DCO Deep Life Community members Donato Giovannelli (Earth-Life Science Institute, Japan and Rutgers University, USA) and Stefan Sievert (Woods Hole Oceanographic Institution, USA), in collaboration with Costantino Vetriani (Rutgers University, USA) and colleagues, conducted a comprehensive analysis of the genome of Thermovibrio ammonificans, a heat-loving organism that lives off the chemical energy provided by deep-sea hydrothermal vents. The researchers used a “molecular archaeology” approach to distinguish between genes passed down from ancient ancestors and more recent acquisitions, to better understand how the microbe co-evolved with the changing planet. The researchers report their findings in a new paper in the journal eLife.
Vetriani’s lab first isolated the T. ammonificans bacterium from a black smoker hydrothermal vent chimney on the East Pacific Rise. It thrives in hot environments rich in volcanic gases such as hydrogen, carbon dioxide, and sulfur dioxide. “T. ammonificans is a modern organism that lives on the planet today, but in an environment that resembles conditions on early Earth,” said senior author Vetriani. “We can assume that some of the genetic or metabolic traits that are present today, may have been inherited from an ancestor that lived on early Earth.”
After realizing that T. ammonificans likely stemmed from a deep branch on the tree of life, Vetriani sequenced the genome with the help of the Joint Genome Institute. But it wasn’t until Giovannelli joined Vetriani’s lab that the group was able to use bioinformatics techniques to fully analyze that genome. The researchers combined comparative genomics approaches that draw evolutionary connections between T. ammonificans and related microbes, with physiological experiments, and proteomic analyses that look at all of the proteins expressed by the bacterium. Together, these techniques enabled the researchers to reconstruct the evolutionary history of the organism and determine its early metabolism.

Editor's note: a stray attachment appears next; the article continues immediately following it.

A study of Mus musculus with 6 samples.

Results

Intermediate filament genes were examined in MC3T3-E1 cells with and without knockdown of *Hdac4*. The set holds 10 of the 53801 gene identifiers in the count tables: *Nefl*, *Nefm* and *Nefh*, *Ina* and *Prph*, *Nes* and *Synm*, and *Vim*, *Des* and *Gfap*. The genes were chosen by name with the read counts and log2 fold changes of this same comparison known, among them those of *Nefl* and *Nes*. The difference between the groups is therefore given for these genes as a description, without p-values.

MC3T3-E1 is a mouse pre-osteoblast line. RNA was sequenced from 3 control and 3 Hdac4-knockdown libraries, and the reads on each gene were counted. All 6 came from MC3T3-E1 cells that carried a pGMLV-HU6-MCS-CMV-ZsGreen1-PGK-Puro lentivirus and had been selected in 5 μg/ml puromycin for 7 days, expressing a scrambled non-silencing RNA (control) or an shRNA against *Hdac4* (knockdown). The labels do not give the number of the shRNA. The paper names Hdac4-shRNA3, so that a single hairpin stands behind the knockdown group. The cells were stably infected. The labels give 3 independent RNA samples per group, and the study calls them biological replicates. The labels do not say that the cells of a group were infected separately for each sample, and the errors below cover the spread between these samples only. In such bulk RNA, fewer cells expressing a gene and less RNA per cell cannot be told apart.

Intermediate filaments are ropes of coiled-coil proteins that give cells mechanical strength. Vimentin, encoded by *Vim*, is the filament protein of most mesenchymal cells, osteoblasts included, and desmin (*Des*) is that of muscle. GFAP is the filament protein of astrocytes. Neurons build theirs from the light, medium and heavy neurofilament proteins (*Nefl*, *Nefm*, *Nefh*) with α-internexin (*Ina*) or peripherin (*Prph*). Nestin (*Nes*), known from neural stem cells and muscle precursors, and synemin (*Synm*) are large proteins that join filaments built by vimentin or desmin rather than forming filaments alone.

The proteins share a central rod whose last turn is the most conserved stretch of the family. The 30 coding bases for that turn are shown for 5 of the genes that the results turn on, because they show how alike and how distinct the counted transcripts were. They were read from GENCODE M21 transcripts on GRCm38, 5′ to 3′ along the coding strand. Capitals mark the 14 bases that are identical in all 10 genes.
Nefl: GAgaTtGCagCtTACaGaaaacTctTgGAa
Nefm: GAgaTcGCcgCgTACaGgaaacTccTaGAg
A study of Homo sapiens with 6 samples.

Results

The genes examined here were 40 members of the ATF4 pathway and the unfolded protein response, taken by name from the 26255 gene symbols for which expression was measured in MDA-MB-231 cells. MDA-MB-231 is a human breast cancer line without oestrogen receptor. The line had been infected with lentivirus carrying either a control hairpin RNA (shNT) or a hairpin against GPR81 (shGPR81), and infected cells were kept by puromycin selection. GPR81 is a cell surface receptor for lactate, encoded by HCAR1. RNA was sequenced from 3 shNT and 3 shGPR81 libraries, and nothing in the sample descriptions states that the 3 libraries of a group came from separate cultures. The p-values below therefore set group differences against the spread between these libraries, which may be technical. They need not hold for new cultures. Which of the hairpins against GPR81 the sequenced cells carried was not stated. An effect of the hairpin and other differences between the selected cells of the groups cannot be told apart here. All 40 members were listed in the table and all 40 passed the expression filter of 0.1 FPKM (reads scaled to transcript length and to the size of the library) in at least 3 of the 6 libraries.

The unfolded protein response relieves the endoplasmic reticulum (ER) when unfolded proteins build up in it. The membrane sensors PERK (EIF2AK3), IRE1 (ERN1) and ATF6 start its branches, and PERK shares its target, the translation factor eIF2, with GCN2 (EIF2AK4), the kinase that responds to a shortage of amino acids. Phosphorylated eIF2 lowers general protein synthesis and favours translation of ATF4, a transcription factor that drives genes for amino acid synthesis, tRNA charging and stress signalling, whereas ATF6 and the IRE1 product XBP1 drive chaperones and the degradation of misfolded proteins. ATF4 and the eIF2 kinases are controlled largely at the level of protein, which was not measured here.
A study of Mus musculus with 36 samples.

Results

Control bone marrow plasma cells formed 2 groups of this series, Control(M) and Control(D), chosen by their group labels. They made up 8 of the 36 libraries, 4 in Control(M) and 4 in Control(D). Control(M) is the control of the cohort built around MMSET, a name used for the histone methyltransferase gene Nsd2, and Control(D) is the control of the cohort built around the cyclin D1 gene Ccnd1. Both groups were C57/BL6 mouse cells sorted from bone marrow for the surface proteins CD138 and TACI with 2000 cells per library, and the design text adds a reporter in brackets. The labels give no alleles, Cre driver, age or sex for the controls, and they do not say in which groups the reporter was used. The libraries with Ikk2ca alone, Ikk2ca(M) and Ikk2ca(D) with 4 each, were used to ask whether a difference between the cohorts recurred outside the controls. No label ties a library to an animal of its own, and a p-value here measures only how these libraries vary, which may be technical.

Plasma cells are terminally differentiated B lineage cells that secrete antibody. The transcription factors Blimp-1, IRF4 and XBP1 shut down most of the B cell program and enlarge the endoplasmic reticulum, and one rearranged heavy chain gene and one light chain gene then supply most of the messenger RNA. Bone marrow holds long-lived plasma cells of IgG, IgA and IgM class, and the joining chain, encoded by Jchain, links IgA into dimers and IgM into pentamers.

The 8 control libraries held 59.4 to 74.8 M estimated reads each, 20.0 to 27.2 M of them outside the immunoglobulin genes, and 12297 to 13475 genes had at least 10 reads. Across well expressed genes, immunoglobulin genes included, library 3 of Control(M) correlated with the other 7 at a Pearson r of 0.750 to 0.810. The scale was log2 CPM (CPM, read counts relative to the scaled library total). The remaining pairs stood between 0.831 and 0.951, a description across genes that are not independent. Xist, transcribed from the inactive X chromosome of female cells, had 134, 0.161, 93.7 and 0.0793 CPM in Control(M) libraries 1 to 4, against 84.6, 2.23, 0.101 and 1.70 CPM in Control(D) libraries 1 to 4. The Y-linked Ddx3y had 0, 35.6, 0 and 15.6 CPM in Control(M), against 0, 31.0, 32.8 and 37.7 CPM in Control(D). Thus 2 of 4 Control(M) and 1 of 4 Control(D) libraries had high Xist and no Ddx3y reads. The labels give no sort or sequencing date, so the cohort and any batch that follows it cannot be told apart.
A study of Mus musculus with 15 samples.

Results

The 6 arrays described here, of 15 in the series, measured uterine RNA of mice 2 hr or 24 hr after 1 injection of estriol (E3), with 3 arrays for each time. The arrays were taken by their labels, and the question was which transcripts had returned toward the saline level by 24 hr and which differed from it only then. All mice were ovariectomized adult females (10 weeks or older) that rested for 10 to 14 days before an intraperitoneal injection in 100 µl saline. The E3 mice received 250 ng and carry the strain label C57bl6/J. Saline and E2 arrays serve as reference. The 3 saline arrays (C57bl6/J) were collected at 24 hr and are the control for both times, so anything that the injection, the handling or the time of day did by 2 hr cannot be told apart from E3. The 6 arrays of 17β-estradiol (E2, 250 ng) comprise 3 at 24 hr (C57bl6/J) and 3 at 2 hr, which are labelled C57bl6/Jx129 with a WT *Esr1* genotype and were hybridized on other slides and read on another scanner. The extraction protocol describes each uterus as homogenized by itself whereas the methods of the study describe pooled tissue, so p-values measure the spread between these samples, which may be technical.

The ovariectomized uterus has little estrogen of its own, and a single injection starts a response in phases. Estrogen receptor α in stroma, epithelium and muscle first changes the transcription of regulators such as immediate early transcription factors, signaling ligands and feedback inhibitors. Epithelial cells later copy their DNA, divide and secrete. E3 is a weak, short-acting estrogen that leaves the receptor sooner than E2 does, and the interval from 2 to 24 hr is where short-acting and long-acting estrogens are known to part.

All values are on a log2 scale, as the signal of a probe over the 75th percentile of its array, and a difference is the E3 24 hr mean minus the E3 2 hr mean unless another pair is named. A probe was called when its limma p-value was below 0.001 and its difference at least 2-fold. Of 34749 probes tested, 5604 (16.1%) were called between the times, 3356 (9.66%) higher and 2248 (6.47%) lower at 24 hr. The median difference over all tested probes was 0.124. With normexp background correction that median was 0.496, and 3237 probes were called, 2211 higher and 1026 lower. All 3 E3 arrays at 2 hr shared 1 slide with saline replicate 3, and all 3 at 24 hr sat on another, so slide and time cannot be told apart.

The researchers identified many genes that had ancient origins, including five different genes coding for hydrogenases, which would enable the microbe to capture energy from hydrogen. Genes coding for enzymes that reduce sulfur to hydrogen sulfide also came from early ancestors.
As oxygen levels on Earth rose, the researchers suspect that T. ammonificans acquired genes to help it survive exposure to oxygen, which is toxic to the organism, and for reducing nitrate, the oxidized form of nitrogen, as part of its metabolism. The bacterium likely obtained key genes in these pathways by taking up DNA from other microbes.
“It’s like T. ammonificans, over time, had the chance—and threat—of adapting to new oxidizing conditions and it coped by exchanging DNA with its neighbor and getting new functions,” said Giovannelli. “The signal in the genome is so clear, it’s striking.”
Perhaps the most surprising trait uncovered by the genomic analysis is that T. ammonificans appears to have enzymes for two different ancient metabolic pathways for converting carbon dioxide into bacterial biomass. In future work, the researchers plan to investigate whether the second, older pathway is still active and what conditions trigger the expression of each pathway. They also are sequencing related organisms to fill in existing evolutionary gaps.
Giovannelli plans to continue his exploration into the coevolution of biology and geology through time, in collaboration with Vetriani, in his new position as an EON research fellow at the Earth-Life Science Institute in Tokyo. Giovannelli is a member of the DCO Early Career Scientist Network and credits the DCO as playing an important role in his career development and his ability to forge connections across disciplines.